Home CATEGORIES Environment Global Recycling Day 2021 – ILZDA Proposes Initiatives for Lead Recycling

Global Recycling Day 2021 – ILZDA Proposes Initiatives for Lead Recycling

On the occasion of Global Recycling Day yesterday, India Lead Zinc Development Association (ILZDA) highlighted the imperative need for safe disposal, organized collection and green recycling of Lead batteries.

India is one of the largest consumers of Lead acid batteries and unfortunately there is also an informal Lead recycling sector owing to lack of awareness among scrap collectors and battery dealers. Such illegal recycling with hazardous practices not only risks the environment but also the health of the people who deal with such materials.

Over the years, ILZDA has imparted the necessary education and training of a large section of Lead battery manufacturers and recyclers to ensure eco-friendly recycling of used Lead batteries.
“Materials with toxic characteristics demand a specialised approach in the way they are handled, transported or recycled. Lack of awareness coupled with absence of the right technology not only brings down the immense potential of such materials but most importantly, results in an irreversible damage to the environment and population,” said L.Pugazhenthy, Executive Director, India Lead Zinc Development Association. “As an association, we have sensitized the industry participants with the desired knowledge and tools and the effort continues. Such trained and Green lead recyclers should become role models for anyone looking for safe disposal and environment friendly recycling of Lead batteries,” Pugazhenthy added.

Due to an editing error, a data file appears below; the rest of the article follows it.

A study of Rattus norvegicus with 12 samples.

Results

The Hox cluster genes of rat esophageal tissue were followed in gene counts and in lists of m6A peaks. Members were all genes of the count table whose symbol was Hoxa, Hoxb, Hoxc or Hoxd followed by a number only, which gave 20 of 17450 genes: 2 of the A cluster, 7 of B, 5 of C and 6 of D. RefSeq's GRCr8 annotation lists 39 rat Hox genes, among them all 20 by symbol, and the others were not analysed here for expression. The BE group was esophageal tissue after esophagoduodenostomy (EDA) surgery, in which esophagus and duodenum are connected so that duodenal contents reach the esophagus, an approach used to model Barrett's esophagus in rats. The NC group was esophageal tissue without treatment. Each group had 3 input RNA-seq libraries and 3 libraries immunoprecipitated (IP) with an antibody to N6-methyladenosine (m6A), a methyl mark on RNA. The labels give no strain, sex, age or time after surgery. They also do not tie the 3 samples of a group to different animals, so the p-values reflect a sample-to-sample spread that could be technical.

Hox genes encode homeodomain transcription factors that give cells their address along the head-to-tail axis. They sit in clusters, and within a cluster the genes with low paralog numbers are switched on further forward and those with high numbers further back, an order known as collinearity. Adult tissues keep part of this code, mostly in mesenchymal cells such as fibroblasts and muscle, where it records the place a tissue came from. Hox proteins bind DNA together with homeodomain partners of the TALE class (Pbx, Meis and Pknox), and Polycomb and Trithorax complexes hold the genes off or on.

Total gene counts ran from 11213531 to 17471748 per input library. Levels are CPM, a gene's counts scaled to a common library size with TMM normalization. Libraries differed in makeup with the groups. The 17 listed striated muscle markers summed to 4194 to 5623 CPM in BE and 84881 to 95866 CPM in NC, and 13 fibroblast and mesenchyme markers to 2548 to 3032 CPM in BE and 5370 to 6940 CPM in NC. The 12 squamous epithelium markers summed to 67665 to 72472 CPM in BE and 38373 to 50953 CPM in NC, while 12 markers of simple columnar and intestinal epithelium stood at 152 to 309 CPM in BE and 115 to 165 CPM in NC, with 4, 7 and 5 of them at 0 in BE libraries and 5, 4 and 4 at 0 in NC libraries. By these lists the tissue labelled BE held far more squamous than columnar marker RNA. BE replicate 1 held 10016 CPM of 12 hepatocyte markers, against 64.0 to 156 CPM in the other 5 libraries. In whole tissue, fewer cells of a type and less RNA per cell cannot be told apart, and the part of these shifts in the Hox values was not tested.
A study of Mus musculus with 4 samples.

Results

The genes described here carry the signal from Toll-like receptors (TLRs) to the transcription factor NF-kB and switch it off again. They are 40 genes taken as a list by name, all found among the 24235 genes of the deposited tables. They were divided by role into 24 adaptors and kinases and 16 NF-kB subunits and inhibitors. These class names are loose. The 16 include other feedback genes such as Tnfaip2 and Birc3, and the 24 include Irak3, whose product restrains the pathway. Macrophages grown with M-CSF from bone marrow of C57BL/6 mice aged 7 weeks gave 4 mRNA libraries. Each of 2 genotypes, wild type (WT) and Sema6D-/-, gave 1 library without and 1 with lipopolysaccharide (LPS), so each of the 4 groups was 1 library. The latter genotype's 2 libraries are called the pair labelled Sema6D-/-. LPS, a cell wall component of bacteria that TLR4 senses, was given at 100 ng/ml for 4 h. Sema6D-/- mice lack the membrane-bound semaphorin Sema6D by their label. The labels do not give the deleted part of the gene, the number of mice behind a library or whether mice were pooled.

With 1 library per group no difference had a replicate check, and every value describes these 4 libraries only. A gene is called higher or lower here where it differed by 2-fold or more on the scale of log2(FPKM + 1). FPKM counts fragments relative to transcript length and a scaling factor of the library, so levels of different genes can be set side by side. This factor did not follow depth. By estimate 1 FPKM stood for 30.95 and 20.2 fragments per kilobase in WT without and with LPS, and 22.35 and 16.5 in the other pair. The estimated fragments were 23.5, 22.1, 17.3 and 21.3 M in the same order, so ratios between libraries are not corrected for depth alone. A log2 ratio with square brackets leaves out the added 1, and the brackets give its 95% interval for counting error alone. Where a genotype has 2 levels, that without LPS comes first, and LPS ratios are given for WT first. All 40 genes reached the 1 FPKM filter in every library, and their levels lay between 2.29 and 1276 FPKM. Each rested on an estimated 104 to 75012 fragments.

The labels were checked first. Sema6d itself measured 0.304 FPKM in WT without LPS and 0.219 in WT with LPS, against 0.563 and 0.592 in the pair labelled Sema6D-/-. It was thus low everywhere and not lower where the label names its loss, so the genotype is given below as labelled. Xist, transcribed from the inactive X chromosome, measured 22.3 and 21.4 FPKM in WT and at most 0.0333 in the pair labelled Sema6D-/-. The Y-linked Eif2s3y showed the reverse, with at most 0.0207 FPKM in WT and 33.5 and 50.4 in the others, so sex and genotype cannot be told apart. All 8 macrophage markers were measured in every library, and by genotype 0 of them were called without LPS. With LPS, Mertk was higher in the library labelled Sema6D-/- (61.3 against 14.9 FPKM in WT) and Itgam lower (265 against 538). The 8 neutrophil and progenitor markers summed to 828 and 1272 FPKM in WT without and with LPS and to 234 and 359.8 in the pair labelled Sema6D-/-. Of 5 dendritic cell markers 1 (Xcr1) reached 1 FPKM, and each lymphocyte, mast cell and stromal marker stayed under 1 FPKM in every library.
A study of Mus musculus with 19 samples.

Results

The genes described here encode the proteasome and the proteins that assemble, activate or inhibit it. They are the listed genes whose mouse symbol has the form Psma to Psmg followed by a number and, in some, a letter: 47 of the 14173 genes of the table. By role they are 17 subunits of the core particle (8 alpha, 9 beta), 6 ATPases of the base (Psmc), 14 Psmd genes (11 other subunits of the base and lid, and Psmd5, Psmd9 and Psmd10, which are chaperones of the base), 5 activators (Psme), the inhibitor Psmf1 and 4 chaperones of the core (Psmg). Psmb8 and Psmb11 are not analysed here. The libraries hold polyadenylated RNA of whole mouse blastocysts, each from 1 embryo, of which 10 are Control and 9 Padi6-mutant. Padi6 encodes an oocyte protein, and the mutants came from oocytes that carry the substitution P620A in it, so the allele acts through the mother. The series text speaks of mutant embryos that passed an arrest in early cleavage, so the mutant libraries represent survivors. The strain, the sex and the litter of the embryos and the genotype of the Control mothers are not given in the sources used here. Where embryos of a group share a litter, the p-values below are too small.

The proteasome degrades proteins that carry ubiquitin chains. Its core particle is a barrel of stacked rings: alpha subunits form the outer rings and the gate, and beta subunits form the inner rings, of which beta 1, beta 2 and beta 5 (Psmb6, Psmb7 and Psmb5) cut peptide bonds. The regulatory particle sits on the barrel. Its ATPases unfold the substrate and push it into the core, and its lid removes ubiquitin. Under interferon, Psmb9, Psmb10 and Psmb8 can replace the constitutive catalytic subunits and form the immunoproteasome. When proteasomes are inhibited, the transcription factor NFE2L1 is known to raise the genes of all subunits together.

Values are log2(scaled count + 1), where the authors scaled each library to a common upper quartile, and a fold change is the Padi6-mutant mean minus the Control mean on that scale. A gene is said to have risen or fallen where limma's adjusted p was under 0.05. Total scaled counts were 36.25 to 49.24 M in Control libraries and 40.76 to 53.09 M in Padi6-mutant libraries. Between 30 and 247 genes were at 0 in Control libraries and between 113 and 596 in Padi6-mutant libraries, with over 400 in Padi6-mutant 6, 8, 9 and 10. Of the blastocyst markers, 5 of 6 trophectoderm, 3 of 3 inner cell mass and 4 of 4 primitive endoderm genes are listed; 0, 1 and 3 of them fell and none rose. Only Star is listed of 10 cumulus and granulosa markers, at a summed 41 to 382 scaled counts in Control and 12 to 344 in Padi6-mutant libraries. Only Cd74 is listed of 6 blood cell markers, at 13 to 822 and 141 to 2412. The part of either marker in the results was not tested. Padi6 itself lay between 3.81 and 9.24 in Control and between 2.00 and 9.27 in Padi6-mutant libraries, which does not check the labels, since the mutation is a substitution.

In 2001, The Ministry of Environment, Forest and Climate Change (MoEF&CC) notified the ‘Battery (Management & Handling) Rules 2001’, with subsequent amendments in 2010, that included ‘Extended Producer Responsibility’ and covered all stakeholders i.e. manufacturers, dealers, importers (of new batteries), battery assemblers, reconditioners, auctioneers, individual consumers and bulk consumers to collect the old battery (95-100%) against the sale of the new battery on a “one-to-one” basis. It also demanded that such collected batteries are all processed by registered eco-friendly Lead recyclers only.
The 2001 B(M&H)R also mandated that battery manufacturers as well as dealers should file periodic returns every six months with the respective State Pollution Control Boards on the number of old batteries collected as well as new batteries sold. It also encouraged setting up collection centres either individually or jointly across the country for used Lead batteries. Ultimately the sole aim was to make India collect back 100% of used Lead batteries and send them only for environment-friendly recycling.
“About 85% of the total lead consumed in India is used for manufacturing Lead batteries. An estimated 25% of the total Lead used comes from unregistered recyclers, who harm the environment immensely due to unsafe practices,” said Pugazhenthy. “Despite Lead acid batteries being the most trusted and safe energy source, the informal Lead recycling has dented the positive image. The only way to ensure adoption of the best practices is in strengthening the implementation and strict monitoring of compliance with penal provisions,” he added.
To ensure that the Lead recycling results in zero harm, ILZDA has demanded multiple SOPs including registration of all battery dealers and collecting their returns, recognizing the best registered recyclers as well as the best Lead battery manufacturers with maximum collection, for compliance, encouraging battery manufacturers and entrepreneurs to invest in eco-friendly recycling facilities by offering tax rebates, incentives etc.
On its part, the Association has been holding several workshops and seminars with both the authorised recyclers as well as manufacturers and users to improve the existing system of collection and recycling old batteries.